Last night, I had the pleasure of attending a “Nurses in Recovery “. What started out as just another homework/paper writing assignment, quickly changed into an experience that will stay with me forever. I won’t spill any juicy details; but members of this support group are recovering from a several addictions. It’s AA or NA for nurses. What’s special about this group is that as nurses go, we know how to help others heal. So much so, that we can easily lose sight of our illnesses or quickly brush it off because, well, we’re nurses!
Anyhoo, just being in the room with these folks and hearing their stories, I got to thinking about the big picture. Mainly, where would the warning signs start, and when would be the best time to intervene? My thoughts led me to nursing school. I mean, as a student, we endure a good amount of stress. Juggling studying and life just ain’t that easy. I know how it feels to just want to wig out and over celebrate that passing score. It really isn’t much different than pounding a beer or two after a break-neck busy shift on the floor.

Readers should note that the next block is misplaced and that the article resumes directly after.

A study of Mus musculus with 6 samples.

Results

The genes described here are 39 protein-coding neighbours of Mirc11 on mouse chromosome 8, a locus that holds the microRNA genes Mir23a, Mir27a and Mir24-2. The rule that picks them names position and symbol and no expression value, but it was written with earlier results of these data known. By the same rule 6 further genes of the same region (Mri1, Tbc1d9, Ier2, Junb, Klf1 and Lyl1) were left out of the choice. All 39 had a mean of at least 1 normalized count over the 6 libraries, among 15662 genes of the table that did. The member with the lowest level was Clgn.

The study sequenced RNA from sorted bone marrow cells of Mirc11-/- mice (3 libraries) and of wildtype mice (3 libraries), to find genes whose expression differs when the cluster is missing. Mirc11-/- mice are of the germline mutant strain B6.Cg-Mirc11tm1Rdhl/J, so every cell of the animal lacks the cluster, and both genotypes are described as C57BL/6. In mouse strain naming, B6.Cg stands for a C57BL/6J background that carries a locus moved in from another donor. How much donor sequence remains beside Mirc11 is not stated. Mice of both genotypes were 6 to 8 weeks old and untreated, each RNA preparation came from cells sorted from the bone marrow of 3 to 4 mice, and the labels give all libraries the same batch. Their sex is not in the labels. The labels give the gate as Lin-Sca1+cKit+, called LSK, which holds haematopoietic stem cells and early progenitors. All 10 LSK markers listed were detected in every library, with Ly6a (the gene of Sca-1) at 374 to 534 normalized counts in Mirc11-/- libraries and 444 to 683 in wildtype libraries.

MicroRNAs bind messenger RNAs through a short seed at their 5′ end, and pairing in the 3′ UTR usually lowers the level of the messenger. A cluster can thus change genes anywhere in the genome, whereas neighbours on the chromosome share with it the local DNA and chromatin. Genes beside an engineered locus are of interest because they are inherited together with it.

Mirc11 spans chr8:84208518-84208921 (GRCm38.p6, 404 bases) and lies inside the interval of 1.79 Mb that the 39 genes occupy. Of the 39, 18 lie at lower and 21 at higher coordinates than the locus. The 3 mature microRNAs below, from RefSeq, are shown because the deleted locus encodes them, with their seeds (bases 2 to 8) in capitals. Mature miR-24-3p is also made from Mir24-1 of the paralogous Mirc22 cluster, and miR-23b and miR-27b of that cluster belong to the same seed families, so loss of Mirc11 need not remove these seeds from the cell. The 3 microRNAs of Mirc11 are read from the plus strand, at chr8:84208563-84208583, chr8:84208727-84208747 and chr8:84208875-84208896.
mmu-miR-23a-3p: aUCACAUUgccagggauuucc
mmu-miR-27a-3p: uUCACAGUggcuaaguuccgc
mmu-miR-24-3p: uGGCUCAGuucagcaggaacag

I also know how easy it is to pop a sleep aid or antihistamine to help you get a good night’s sleep before an exam. What about pounding that energy drink or taking an extra prescription medication to get you focused and going. These behaviors are not much different than the stories I heard. Maybe a PG-13 version of what happens on the floor, with more “grown-up” substances.
Then I thought, why didn’t they reach out? Who better to help you than a nurse! Well, that’s what this group has done, and they’re doing a great job. So then I thought, why don’t we nursing students reach out to each other? The process of getting in to nursing school was competitive; but that part is behind us now.
I’m challenging all of you nursing students to step it up, and throw some major love out there for your homies! The next time you see a classmate struggling with a bed bath, step in and lend a hand. Not getting the best comments about your care plans? Ask one of your classmates for some insight! If a CNA is running your classmate ragged with all her ADLs on patients other than the assigned patient, stand up for her.
Instructors are constantly telling us to advocate for our patients. We should also advocate for ourselves. I also think that instilling the mentality of community (as nursing students) will also help reduce Nurse on New Nurse mean-ness. I don’t know about you; but cannibalism has never been a good look! Stop being competitive, start being a team.